Using DNA analysis and modern forensic techniques, scientists have reconstructed the face of a Stone Age boy who lived in Norway. The Vistegutten – the boy from Viste died at only 14 years old. Why he passed away so early is unknown because it seems he was healthy.
“The young boy was buried in the small Vistehola, a cave located a little north of Stavanger in southwestern Norway. The same little cave that his parents may have lived in.
He is the best-preserved person from the Stone Age in Norway,” Science in Norway reports.
“I spend most of my day working with skeletons of ancient people,” archaeologist Sean Denham at the Museum of Archaeology in Stavanger says.
“But seeing a living person in front of me in this way is something completely different. Oscar Nilsson has done a fantastic job with this new reconstruction.”
“Denham is also happy about the increased interest in the Stone Age in Rogaland and Norway that the museum, in collaboration with sculptor and archaeologist Nilsson, has now managed to achieve with this reconstruction.
Fish and nuts
During an archaeological excavation of Vistehola in 1907, researchers found the boy’s remains.
He was only 125 centimeters tall.
With the help of new research methods, the researchers know that the boy has eaten as much food from the sea as from land. Cod, seal, and wild boar were on the menu for those who lived near the beach at Jæren. So were shellfish and nuts.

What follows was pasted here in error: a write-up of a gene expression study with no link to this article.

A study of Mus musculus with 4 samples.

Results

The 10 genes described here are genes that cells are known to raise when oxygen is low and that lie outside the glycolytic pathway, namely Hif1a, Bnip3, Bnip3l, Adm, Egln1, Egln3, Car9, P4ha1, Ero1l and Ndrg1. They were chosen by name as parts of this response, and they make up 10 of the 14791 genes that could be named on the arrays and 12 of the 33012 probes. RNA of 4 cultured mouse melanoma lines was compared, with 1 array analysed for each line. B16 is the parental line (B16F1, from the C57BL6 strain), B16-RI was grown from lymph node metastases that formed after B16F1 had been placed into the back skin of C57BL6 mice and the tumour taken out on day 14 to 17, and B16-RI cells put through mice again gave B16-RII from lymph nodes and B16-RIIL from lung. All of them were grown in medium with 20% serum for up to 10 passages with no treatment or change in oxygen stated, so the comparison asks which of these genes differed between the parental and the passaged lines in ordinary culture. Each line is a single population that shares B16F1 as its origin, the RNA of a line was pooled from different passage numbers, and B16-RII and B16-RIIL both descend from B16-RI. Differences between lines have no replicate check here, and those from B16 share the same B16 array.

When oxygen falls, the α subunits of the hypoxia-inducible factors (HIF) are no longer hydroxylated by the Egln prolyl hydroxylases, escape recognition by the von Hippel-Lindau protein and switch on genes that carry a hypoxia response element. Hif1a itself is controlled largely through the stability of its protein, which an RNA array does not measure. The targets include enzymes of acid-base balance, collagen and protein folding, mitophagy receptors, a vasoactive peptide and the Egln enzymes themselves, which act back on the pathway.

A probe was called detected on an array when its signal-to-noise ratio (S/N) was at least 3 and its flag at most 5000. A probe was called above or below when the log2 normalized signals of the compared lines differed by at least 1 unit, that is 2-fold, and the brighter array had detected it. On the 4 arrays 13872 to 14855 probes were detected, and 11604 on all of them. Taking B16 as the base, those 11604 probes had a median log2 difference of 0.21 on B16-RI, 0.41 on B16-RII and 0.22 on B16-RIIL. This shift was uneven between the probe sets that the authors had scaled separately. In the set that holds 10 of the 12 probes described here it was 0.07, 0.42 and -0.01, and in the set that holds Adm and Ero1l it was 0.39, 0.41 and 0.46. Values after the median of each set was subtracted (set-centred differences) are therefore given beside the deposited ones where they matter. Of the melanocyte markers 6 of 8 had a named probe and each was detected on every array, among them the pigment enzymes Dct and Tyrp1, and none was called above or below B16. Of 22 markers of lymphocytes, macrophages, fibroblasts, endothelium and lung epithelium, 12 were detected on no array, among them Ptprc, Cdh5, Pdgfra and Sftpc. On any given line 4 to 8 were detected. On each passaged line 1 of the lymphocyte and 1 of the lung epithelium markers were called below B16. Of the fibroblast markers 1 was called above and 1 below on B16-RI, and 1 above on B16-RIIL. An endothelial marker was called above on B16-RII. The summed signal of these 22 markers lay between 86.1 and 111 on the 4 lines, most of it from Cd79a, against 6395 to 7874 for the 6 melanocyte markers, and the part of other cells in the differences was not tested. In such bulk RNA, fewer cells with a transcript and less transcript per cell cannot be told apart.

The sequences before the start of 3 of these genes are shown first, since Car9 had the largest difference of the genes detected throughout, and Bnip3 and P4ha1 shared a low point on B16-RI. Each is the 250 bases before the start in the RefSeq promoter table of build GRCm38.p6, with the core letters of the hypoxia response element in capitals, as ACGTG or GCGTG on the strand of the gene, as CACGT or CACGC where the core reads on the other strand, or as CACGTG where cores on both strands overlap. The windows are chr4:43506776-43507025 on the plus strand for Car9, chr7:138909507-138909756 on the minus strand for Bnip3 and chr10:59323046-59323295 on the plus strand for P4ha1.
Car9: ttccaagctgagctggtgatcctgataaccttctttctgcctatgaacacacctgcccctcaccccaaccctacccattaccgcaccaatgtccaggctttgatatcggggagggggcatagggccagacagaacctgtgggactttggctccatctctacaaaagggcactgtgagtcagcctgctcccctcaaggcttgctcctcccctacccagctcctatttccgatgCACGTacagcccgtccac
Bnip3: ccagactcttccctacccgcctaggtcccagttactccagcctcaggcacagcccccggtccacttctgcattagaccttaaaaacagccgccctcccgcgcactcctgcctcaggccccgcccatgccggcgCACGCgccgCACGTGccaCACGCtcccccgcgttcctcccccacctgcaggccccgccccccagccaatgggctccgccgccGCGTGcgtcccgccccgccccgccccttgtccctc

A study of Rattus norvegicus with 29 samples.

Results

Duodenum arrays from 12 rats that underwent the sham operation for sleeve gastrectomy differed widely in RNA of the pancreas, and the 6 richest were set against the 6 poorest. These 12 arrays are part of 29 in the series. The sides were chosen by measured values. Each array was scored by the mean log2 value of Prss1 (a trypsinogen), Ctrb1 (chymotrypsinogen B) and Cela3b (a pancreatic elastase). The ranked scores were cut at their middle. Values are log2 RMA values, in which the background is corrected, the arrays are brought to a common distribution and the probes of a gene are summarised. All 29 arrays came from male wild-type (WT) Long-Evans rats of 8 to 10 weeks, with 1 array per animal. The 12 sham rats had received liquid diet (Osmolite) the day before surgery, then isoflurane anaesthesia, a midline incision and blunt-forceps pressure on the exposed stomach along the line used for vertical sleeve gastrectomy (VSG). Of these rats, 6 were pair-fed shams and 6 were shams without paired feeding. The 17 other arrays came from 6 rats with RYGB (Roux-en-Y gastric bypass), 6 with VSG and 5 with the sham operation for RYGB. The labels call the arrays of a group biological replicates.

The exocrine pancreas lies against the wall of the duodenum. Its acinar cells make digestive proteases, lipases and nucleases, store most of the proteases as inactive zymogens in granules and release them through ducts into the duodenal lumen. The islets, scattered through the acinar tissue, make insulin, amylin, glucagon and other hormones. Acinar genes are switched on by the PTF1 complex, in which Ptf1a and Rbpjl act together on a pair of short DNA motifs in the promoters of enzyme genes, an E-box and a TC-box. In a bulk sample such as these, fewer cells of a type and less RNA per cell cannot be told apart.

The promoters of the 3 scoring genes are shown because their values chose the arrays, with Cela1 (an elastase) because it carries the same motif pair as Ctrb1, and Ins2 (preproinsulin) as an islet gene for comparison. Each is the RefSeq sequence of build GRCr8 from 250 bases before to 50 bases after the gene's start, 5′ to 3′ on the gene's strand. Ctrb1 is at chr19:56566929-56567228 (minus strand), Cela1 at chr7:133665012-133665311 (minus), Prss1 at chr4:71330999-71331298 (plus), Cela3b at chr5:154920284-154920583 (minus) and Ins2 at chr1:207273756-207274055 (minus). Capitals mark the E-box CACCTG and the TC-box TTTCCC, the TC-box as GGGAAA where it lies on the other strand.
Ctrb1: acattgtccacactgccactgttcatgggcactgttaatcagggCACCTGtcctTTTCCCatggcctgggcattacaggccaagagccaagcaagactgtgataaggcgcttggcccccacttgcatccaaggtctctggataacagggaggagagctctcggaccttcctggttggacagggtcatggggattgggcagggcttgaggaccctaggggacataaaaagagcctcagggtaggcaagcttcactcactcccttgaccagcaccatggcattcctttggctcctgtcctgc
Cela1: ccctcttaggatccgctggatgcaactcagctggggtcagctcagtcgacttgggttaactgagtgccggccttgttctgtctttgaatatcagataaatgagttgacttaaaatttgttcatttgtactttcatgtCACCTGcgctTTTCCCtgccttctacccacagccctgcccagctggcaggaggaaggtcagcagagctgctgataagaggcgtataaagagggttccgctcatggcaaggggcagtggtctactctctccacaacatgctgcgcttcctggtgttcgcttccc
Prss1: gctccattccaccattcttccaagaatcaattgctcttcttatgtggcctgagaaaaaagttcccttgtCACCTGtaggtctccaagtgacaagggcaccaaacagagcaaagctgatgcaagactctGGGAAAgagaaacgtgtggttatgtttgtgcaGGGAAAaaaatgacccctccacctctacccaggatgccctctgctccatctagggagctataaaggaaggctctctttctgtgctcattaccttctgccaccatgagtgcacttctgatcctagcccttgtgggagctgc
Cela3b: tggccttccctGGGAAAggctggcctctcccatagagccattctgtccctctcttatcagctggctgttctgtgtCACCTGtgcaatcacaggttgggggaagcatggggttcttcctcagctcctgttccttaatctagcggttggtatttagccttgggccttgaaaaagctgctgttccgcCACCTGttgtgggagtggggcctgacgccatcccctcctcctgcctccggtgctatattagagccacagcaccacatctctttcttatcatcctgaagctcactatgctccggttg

Even for a Stone Age man, Vistegutten was small in stature. Adult men from the Stone Age in Norway were probably 165-170 centimeters tall. The women may have been 145-155 centimeters tall.
Both sexes had strong physiques, the signs of which can be seen in Vistegutten as well. Eyes and cheekbones were often quite prominent in people in Norway at the time.
The boy was probably fairly dark-skinned.
Face shape, skin and hair
“For a while, there was some doubt about whether this was a girl or a boy. But with the help of DNA analysis, we can now say with certainty that Vistegutten was a boy,” Denham says.
The reconstruction Oscar Nilsson has made is based on DNA analysis. It also builds on a project from 2011, where researchers at the University of Dundee in Scotland scanned the skull of Vistegutten with a laser, and created a 3D model of his head.
“The DNA analysis that was carried out later, tells us more about the shape of his head,” Denham says. “We are a little more uncertain about his skin color, hair color, and the color of his eyes. So here we rely on the other finds we have of Stone Age people in Norway.”
The average lifespan in the Old Stone Age was not very high. This was largely due to the fact that so many young children died. When people first reached adulthood, living to be over 50 years old was not unusual.
We don’t know why Vistegutten died so young.